Effect on cerebral hemodynamics and brain function


PEEP increases intracranial pressure by direct transmission of elevated pleural pressure through the intervertebral foramina to the spinal and cerebral subarachnoid spaces, and, in some cases, by Paco2 elevation as the ratio of physiological dead-space to tidal volume may be increased with the application of PEEP. However, the main transmission of elevated intrathoracic pressure occurs via the systemic and cerebral venous system.

PEEP increases right atrial, internal jugular, and vertebral venous plexus pressures. This is transmitted to the dural sinuses and, at least partially, to cerebral veins with a subsequent rise in intracranial pressure. The magnitude of these changes depends on the amount of PEEP applied and on pulmonary compliance (the stiffer the lung, the less pressure is transmitted to the brain). The transmission of raised atrial pressure to the intracranial contents could be particularly dangerous in patients with pre-existing intracranial hypertension. Abrupt increases of intracranial pressure and decreases in cerebral compliance were observed during application of PEEP in dogs and rabbits with mass lesions artificially produced by inflation of an intracranial balloon.

Conversely, while studying the effect of PEEP in a similar dog model, Huseby.efa/ (1981) found that intracranial hypertension diminished the increase in intracranial pressure for a given level of PEEP. They postulated that there is a compensatory waterfall mechanism with a significant pressure gradient between the cortical veins, which are compressible by the intracranial pressure, and the sagittal venous sinus which is not influenced by intracranial pressure changes. When the intracranial pressure is low, the cortical veins are largely open so that increases in the sagittal sinus pressure are easily transmitted to the intracranial contents, limiting cerebral venous outflow and increasing cerebral blood volume. In contrast, when intracranial pressure is elevated, cortical veins become compressed and the increased pressure gradient between the cortical veins and the sagittal sinus prevents the pressure rise in the sagittal sinus from affecting intracranial pressure ( Fig 2). Another possible compensatory mechanism for elevated cerebral venous pressure is the opening of additional anastomotic channels with a redistribution of cerebral venous outflow.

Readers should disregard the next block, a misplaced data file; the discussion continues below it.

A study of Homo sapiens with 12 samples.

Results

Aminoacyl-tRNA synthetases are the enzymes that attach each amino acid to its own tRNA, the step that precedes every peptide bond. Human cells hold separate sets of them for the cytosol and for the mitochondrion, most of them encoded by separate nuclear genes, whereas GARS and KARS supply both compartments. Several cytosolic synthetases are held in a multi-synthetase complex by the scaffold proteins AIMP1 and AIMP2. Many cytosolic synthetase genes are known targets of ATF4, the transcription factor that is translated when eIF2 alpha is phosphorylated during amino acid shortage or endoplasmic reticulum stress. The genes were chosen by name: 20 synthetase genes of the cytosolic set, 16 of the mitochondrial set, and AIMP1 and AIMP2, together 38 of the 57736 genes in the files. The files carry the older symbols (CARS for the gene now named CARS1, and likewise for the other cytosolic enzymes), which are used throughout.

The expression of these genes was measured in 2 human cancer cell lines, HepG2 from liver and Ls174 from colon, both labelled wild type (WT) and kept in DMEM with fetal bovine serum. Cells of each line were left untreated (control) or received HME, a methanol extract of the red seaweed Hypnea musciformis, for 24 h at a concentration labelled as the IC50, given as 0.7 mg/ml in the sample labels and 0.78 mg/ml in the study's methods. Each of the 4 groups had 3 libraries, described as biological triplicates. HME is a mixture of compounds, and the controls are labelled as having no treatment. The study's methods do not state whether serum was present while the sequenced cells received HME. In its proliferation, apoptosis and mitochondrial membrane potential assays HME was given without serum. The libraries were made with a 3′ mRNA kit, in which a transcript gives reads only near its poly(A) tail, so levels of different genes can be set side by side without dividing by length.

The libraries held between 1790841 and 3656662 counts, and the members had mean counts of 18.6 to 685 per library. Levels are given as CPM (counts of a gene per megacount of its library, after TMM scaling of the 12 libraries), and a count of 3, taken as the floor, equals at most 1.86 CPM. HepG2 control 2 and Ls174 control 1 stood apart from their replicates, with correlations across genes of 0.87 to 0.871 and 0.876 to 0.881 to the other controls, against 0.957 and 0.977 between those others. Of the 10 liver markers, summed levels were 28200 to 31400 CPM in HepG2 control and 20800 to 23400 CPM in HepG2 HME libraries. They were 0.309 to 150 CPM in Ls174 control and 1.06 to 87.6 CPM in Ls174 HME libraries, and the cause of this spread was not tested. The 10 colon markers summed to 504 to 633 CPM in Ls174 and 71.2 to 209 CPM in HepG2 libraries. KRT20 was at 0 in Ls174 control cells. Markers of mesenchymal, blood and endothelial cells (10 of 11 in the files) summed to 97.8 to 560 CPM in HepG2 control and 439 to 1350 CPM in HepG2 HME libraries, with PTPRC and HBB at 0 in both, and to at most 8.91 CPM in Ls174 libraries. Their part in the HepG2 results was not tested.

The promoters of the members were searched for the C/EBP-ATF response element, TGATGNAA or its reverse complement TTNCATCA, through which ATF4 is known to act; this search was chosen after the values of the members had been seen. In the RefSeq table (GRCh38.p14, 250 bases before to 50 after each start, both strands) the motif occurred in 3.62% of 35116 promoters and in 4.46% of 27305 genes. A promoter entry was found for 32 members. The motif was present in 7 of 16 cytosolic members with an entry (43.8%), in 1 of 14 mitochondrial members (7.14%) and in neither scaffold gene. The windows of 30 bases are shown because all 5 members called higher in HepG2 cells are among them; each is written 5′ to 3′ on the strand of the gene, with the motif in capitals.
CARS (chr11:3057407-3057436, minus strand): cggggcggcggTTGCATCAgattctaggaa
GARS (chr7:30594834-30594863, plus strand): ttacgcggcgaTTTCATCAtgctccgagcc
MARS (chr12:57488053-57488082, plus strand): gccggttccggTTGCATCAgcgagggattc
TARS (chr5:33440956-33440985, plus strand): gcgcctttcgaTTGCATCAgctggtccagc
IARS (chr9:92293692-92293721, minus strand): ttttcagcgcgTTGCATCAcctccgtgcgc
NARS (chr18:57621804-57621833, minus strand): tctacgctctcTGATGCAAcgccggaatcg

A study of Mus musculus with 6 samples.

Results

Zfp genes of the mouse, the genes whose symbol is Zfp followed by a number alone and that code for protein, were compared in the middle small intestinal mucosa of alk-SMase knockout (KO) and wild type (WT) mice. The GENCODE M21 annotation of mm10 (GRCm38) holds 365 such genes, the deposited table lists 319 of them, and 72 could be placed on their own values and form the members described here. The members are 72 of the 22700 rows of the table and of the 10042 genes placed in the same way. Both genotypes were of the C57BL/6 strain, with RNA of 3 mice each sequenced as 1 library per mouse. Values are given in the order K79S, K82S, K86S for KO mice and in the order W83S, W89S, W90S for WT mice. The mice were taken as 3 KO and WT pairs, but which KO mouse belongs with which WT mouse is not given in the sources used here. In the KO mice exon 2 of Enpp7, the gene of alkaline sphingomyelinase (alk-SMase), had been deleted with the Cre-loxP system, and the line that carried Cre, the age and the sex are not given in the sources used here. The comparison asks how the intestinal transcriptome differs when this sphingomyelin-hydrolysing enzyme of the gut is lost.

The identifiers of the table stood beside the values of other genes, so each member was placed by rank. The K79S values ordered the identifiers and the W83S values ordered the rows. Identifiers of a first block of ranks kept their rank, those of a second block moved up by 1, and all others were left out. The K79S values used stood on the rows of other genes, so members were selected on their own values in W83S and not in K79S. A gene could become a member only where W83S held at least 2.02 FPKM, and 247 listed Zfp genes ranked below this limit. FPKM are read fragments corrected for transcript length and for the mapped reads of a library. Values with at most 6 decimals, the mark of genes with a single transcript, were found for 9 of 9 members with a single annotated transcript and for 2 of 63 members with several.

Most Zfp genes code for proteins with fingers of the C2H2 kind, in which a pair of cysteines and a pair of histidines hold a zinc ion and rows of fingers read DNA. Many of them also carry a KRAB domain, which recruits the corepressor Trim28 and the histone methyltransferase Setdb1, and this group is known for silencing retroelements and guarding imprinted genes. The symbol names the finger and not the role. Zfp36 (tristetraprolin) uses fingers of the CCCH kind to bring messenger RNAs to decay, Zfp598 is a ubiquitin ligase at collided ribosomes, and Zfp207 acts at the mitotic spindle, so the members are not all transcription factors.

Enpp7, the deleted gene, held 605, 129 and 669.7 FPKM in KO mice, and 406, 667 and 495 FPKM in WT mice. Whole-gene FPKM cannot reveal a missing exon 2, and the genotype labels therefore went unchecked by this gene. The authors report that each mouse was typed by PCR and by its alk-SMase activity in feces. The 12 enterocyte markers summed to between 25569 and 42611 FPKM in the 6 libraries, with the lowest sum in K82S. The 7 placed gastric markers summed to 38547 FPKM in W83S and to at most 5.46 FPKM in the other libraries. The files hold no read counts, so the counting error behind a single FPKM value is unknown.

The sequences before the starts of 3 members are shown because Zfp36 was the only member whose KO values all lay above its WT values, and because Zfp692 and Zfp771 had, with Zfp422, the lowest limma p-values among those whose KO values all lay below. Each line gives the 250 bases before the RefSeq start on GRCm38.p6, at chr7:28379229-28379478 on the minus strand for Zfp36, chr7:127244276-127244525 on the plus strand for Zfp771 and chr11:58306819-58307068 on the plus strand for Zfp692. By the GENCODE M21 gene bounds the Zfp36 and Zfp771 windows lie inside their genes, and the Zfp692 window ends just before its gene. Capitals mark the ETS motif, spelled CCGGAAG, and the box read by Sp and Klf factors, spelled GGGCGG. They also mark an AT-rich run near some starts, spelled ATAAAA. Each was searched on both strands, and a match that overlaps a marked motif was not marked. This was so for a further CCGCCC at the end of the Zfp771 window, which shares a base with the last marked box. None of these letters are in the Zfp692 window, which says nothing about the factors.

Fig. 2 Schematic illustration of the intracranial space during raised intracranial pressure (ICP). The arrows indicate the position of the hypothesized Starling resistor. Here, the mean arterial pressure (MAP) is greater than intracranial pressure, which is greater than the sagittal sinus pressure (SSP). The cortical vein pressure ( Pcv) cannot fall below the intracranial pressure, and thus flow is dependent on MAP - ICP and independent of small changes in the sagittal sinus pressure. (Reproduced with permission from Huseby.elal,., (.1.98.1.))

The waterfall concept was recently contested by Asgeirss^ who postulated that cerebral venous outflow is regulated by a venous resistance situated at the outflow orifice and directly related to the variations of interstitial tissue pressure; furthermore, they claimed that cortical veins were neither compressed nor collapsed, but remained dilated during increases in intracranial pressure.

The evidence regarding the potential effects of PEEP in patients with brain lesions is conflicting. Some authors have found no clinically significant rise in intracranial pressure on use of PEEP, although others have reported increases in intracranial pressure and neurological deterioration following application of PEEP in patients with decreased cerebral compliance.

The overall effects of elevated intrathoracic pressure on cerebral hemodynamics depend on the interactions of pulmonary and cerebral compliance, the status of cerebral and systemic circulation, and any improvement in respiratory function obtained by ventilation with PEEP. In patients with impaired autoregulation, high intracranial pressure, and reduced cerebral perfusion pressure, the lowest possible intrathoracic pressure should be employed. Moderate head elevation (15-30 per cent), which may decrease the jugular venous pressure, was proposed for the management of these patients. However, conflicting results regarding the beneficial effect of this maneuver and its influence on cerebral perfusion pressure have recently been presented ( Asg.eirs.son.and G.ra,n.d.e...,1...,9..9.4).